What Is a Conventional Loan?

Conventional mortgages aren't federally guaranteed. Qualifying can be tougher than with government loans, but the options fit a wider range of buyers and properties.
Kate Wood
By Kate Wood 


Conventional loans are often the best option for borrowers with strong credit who can contribute a down payment of at least 3%, or perhaps quite a bit more. Find out what conventional means in the mortgage industry, and whether it might be the right type of home loan for you.

What is a conventional mortgage?

A conventional loan is a type of mortgage that isn’t backed by a government agency, such as the Department of Veterans Affairs. Conventional mortgages often meet the down payment and income requirements set by Fannie Mae and Freddie Mac, and conform to the loan limits set by the Federal Housing Finance Administration, or FHFA.

You'll generally need a credit score of at least 620 to qualify for a conventional loan, though a score that's above 740 will help you get the best rate. Depending on your financial status and the amount you're borrowing, you may be able to make a down payment that's as low as 3% with a conventional loan. (Although be aware that a higher down payment may help get you a lower rate.)

» MORE: Understand conventional loan requirements


Government-backed loans are insured by federal agencies. This insurance protects the lender if the borrower fails to repay the loan and is meant to encourage lenders to offer mortgages to a wider range of home buyers.

Conventional mortgages are offered by many lenders that also offer government-backed loans. Lenders generally view conventional loans as riskier because they’re not guaranteed by the government, so conventional mortgages tend to have tougher requirements.

Mortgages backed by government agencies offer different qualifications that can make them more attractive to some home buyers.

  • Loans guaranteed by the Federal Housing Administration, or FHA loans, aim to make buying homes more affordable for low- to middle-income borrowers, with relaxed lending standards, down payments as low as 3.5% and competitive interest rates.

  • VA loans are guaranteed by the U.S Department of Veterans Affairs and are available only to active service members and veterans. VA loans can have down payments as low as 0%.

  • USDA loans, backed by the U.S. Department of Agriculture, are geared toward properties in areas designated as rural. The USDA also makes direct loans to some low-income borrowers.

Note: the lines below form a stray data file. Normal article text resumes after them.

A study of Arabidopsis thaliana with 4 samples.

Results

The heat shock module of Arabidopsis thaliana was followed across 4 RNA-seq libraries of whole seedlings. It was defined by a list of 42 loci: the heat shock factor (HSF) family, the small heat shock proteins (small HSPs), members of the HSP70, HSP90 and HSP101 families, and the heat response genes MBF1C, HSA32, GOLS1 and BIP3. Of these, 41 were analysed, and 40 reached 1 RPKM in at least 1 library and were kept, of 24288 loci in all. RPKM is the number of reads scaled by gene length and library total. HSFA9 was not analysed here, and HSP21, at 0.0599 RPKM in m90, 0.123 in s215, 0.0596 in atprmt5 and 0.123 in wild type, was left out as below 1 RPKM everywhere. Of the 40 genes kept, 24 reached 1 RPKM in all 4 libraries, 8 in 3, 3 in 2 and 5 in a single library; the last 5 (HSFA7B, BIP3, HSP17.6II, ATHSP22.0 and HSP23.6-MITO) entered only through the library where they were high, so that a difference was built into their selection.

Conventional loans aren't limited to borrowers based on income, location or military status. Anyone who is able to meet a lender's standards is eligible for a conventional mortgage.

What kinds of conventional loans are available?

Conventional mortgages fall into two categories: “conforming” and “nonconforming” loans.

Conforming loans follow the guidelines set by Fannie Mae and Freddie Mac, two government-sponsored enterprises that provide money for the U.S. housing market. The best-known rule has to do with the size of the loan. In 2022, the conforming loan limit for single-family homes in most of the continental U.S. is $726,200. Higher-cost areas, such as Hawaii and Alaska, have higher limits up to $1,089,300 for single-family homes.

Many nonconforming loans are jumbo loans, which are for home buyers who need to borrow an amount that's higher than the conforming limit for the area.

Other types of nonconforming loans include those made to borrowers with poor credit, high debt or recent bankruptcy, or on homes with a high loan-to-value ratio (usually up to 90% for a conforming loan).

Lenders typically charge higher rates for jumbos and other nonconforming loans. These loans may carry other fees or insurance requirements due to their riskier nature.


Compared with government-backed loans, qualifying for a conventional mortgage may be tougher, but a conventional loan can be a good option for many home buyers.

  • More property types: In addition to jumbo loans for pricier homes, conventional loans can be used for a second home or an investment property.

  • More control over mortgage insurance: If your down payment on a conventional loan is less than 20%, you'll have to get private mortgage insurance. After your principal loan balance drops to 78% of the home’s value, however, you can ask to cancel your PMI. In contrast, mortgage insurance premiums on FHA loans can last for the life of the loan.

  • No program-specific fees: Though you'll likely still pay fees to the lender, conventional loans don't have the additional program-specific costs of government-backed loans. For example, with an FHA loan you'll pay a 1.75% upfront mortgage insurance premium; VA loans have a funding fee of 1.4 to 2.3%, depending on your down payment.

  • More choices in loan structure: Though 30-year fixed-rate conventional mortgages are the most common, you can find other terms (like 15- or 20-year loans) as well as adjustable-rate mortgages. Since lenders don't have to stick to government-prescribed programs, they can create more options.